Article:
Ben Hillyer / The Natchez Democrat — Concordia Parish Academy of Math, Science and Technology sixth-graders Chesney Seals and Cloi Cummings work to install the cables to their robot.
Ben Hillyer / The Natchez Democrat — Concordia Parish Academy of Math, Science and Technology sixth-graders Chesney Seals and Cloi Cummings work to install the cables to their robot.

Viewfinder: Robots teach problem solving to students

Published 12:01am Tuesday, November 19, 2013

VIDALIA — Kobe Dillon never knew making mistakes could be so much fun.

BEN HILLYER / THE NATCHEZ DEMOCRAT —  The students use an instruction booklet to show how to put the pieces together.
BEN HILLYER / THE NATCHEZ DEMOCRAT —
The students use an instruction booklet to show how to put the pieces together.

The sixth-grader at the Concordia Parish Academy of Math, Science and Technology was making mistakes Monday, but in the process making a robot.

Ten small robots were being built Monday afternoon as part of the school’s enrichment period, which allows students to learn about subjects they would not ordinarily learn in a standard classroom.

Dillon and his robotics partner Milt Neal spent more than half their class period trying to figure out why the pieces of their robot were not coming together. But instead of frustration, Dillon and Neal showed determination.

That is what makes the class a great learning tool, teacher Brandon Rowe said.

“It’s a hands-on approach and best of all, it requires students to think,” Rowe said. “It requires them to problem solve.”

The robots are part of a kit, manufactured by the same company that makes Legos. Students start with various shaped pieces, motors, wheels, sensors and a small computer and learn how to put it together. Then students program the robot to move, sense and maneuver around obstacles.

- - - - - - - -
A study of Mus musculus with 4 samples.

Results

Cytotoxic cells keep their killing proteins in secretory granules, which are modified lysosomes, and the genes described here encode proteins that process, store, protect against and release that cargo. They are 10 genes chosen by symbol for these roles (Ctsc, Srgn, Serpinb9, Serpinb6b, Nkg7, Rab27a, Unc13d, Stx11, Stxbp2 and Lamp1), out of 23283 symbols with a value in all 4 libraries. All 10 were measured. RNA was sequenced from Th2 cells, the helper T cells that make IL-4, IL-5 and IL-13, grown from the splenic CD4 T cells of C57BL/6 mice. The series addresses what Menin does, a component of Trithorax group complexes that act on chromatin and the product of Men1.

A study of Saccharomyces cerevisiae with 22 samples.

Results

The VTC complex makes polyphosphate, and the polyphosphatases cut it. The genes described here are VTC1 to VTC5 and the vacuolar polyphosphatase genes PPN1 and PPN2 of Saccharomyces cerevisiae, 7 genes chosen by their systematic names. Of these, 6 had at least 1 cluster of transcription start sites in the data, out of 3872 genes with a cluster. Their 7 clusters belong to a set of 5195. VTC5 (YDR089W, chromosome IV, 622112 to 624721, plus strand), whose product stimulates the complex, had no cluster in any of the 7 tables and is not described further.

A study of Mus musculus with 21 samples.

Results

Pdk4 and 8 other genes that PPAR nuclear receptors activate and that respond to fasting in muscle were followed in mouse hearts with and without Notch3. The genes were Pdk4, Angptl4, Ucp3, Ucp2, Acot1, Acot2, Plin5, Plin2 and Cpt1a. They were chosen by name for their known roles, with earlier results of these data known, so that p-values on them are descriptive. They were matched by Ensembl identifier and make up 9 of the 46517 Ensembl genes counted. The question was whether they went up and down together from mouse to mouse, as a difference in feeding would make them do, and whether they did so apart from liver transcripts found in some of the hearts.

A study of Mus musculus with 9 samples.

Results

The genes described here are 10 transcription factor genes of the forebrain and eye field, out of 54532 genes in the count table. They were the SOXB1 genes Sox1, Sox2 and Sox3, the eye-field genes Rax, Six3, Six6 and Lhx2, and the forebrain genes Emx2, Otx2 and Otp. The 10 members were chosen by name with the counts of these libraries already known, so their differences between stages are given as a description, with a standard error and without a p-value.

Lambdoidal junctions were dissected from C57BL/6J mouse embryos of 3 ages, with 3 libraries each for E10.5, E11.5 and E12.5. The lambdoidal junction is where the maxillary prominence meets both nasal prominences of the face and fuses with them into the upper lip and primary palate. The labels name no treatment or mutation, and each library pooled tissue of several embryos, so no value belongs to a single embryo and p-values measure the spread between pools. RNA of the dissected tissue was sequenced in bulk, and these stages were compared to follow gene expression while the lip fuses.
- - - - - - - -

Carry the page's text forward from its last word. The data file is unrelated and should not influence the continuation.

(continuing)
For two days the class has been putting the tiny pieces together, getting them ready to program.

Putting the pieces together has been no easy task. For many, one small mistake meant tearing apart the robot and starting over.

BEN HILLYER / THE NATCHEZ DEMOCRAT —  Darren Zeng, center, helps Milt Neal, right, and Kobe Dillon figure out which piece was installed incorrectly on their robot.
BEN HILLYER / THE NATCHEZ DEMOCRAT —
Darren Zeng, center, helps Milt Neal, right, and Kobe Dillon figure out which piece was installed incorrectly on their robot.

“You make mistakes,” Neal said as he tried to understand why some of his pieces would not fit.

With a little help from another classmate, Neal and Dillon discovered where they went wrong.

“With the curriculum today, it is hard to find time to help and guide students in problem solving. That is what this does,” Rowe said. “It is usually hard to have every student engaged 100 percent of the time.

“With the robots, they seem to be fully engaged the whole time.”